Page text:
The aim of the guidance is “to ensure that consumers are presented with certain minimum information, in a fair and balanced way, at the outset of firms’ interaction with them”. The full document can be found on the FCA's website.
We wrote about the FCA’s initial proposals during the consultation and the following changes have made their way into the final guidance document. We will cover the guidance in more detail in the coming days but in the meantime, below is a summary of the notable changes from the initial consultation document:
Re-tweets, forwarding and sharing
- Each post, whether written by the company or sharing another user’s post, has to be compliant on its own regardless of the context of the post
Inserting images in social media promotions
- The post text and image must be both independently compliant, on the basis that not all users will necessarily be able to see both in context together (for example twitter images can be minimised/ switched off)
- It would be reasonable to include both a disclaimer and promotion in the image, and a signpost within the post’s text instructing readers to read the image for the full ‘story’.
- As per UK and European Directives, each separate aspect of a promotion must be compliant if it falls within the ‘promotional’ umbrella. For example tweeting a link to a website is fine provided the tweet is either non-promotional, or promotional and with a disclaimer. Likewise the webpage must be compliant on a standalone basis.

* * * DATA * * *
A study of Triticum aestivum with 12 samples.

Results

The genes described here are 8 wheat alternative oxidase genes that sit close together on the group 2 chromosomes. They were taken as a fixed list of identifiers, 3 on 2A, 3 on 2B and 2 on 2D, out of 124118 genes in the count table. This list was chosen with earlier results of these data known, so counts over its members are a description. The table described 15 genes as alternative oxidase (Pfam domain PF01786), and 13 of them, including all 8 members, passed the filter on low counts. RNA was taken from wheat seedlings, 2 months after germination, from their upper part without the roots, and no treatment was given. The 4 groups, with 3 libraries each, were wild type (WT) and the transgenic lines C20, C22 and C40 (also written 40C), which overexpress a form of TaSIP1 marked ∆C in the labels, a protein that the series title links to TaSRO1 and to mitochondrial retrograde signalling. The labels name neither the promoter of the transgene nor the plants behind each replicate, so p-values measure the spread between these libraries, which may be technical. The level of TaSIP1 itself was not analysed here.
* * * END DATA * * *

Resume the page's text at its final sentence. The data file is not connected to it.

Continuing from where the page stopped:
- Advertising on social media sites is no different to any other website. If the promotion loads and the full scope of the promotion can be seen by the user without any interaction required (i.e. they do not need to click ‘play’), then the compliance notice must be seen within at least one frame or aspect of the promotion.
‘In the course of business’
- An individual tweeting what would be deemed promotional on behalf of a firm can fall within the regulated remit, so firms should provide guidance to employees that if they do wish to tweet on the firm’s behalf, what disclaimers they need to include to make the posts compliant.
- These cases would be considered on an individual basis, as per the usual ‘in the course of business’ rules
- Using a single hashtag as a disclaimer was considered inappropriate and inadequate
Approval and record-keeping
- Social media is treated no differently from the current standards required for any other financial promotion. It should be treated in line with existing policies
- We (Redleaf) will write about this in more detail as it can present certain new challenges to firms.